Russell Brand has an infectious enthusiasm, and his charm and charisma are really quite irresistible. The fear with Brand is that there is little substance underneath. These fears are always allayed, as Brand is proven to be a man of character, intelligence and compassion. The Emperor’s New Clothes is a case of Brand’s unruly passions being channeled by director Michael Winterbottom, to focus on the inequality of wealth and income, and produce a really interesting film. When 80 odd people are earning, or controlling, the same amount of money as another 3.5 billion there is something gravely wrong.
Russell Brand hosts the documentary and works through the inequality of the distribution of wealth particularly in the UK but also in the US and globally. His beef is with the banking industry, seemingly self regulated in the UK and responsible for the financial crisis of 2008. Brand is pretty unhappy that the main offenders in the banking industry have gotten away without facing the courts, and mostly with very hefty pay rises instead.
Brand and Winterbottom use archival images, interviews and original footage to present their account. In an effort to highlight the inequity of the British legal justice system, Brand talks to a young man charged and imprisoned for his role in the London riots. Caught up in the frenzy, this young stole an item worth the equivalent of about $200. He was sentenced to 14 months in prison, serving nearly a year of that time. He was a dance teacher previously, now unemployed – and basically unemployable. Brand poses questions to the viewer as to why this young man is imprisoned, when bankers and others in the financial sector have served no time for crimes that have cost all of us. In fact, the offenders have pay rises which far outweigh their fines. Brand rightly asks, ‘what do fines matter to people who can print money?’.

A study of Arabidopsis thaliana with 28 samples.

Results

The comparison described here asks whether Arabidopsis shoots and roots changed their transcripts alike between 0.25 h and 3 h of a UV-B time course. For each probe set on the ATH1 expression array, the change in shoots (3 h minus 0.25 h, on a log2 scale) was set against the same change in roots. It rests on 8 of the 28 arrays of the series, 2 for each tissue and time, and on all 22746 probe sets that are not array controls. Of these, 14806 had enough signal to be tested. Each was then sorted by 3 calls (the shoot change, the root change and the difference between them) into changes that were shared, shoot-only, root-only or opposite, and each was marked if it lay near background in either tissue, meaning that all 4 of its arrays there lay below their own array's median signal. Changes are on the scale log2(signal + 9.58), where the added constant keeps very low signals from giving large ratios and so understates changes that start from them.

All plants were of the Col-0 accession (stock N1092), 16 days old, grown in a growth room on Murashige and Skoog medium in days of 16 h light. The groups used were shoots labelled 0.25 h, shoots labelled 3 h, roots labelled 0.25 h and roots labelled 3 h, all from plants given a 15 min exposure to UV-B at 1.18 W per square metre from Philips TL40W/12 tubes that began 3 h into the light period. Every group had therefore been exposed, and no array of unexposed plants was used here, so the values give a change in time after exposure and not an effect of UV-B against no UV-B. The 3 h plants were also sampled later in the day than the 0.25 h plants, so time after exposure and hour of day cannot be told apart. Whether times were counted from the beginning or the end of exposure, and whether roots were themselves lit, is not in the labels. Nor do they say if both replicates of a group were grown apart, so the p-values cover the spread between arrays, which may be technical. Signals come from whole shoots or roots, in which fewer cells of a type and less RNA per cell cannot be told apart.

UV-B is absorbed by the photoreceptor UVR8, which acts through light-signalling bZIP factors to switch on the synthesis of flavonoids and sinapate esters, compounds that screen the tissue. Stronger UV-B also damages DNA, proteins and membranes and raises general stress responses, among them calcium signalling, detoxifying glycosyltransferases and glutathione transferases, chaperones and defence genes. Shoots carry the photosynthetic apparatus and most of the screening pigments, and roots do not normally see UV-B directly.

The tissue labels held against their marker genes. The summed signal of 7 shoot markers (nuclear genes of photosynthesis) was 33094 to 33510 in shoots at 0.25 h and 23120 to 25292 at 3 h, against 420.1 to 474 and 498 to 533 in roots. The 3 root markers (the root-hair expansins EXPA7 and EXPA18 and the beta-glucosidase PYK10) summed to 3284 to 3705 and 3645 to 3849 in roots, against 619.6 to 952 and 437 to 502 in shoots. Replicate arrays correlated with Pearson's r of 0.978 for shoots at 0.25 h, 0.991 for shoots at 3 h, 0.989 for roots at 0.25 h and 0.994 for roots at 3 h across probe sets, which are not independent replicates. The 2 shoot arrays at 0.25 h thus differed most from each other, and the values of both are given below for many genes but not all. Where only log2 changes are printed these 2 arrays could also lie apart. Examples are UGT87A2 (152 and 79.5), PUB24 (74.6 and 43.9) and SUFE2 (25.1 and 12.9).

It is easy to get passionate watching The Emperor’s New Clothes, in part because Brand is so commanding. He is articulate – but in his own fashion. Brand is funny and indignant, a tough balance but one he manages really well. Brand is also sympathetic to the people he interviews in the course of the film. Several single mums open up to him and the camera, sharing with him the struggle they face daily to provide for their kids and themselves. Brand is visibly moved, his heart seemingly a little bit broken along with theirs.
Winterbottom seems like a good pairing for Brand, as this is quite a convincing documentary. A film of this nature, with a personality as large as Brand’s at the helm, can lose itself to the spectacle. Brand could have been that spectacle, but Winterbottom keeps the film on track. There is a serious issue at the centre of this film, one which is global. Brand and Winterbottom keep that issue – and the people most affected by it – at the centre of their film.
The Emperor’s New Clothes is in Australian cinemas from 11 June through StudioCanal.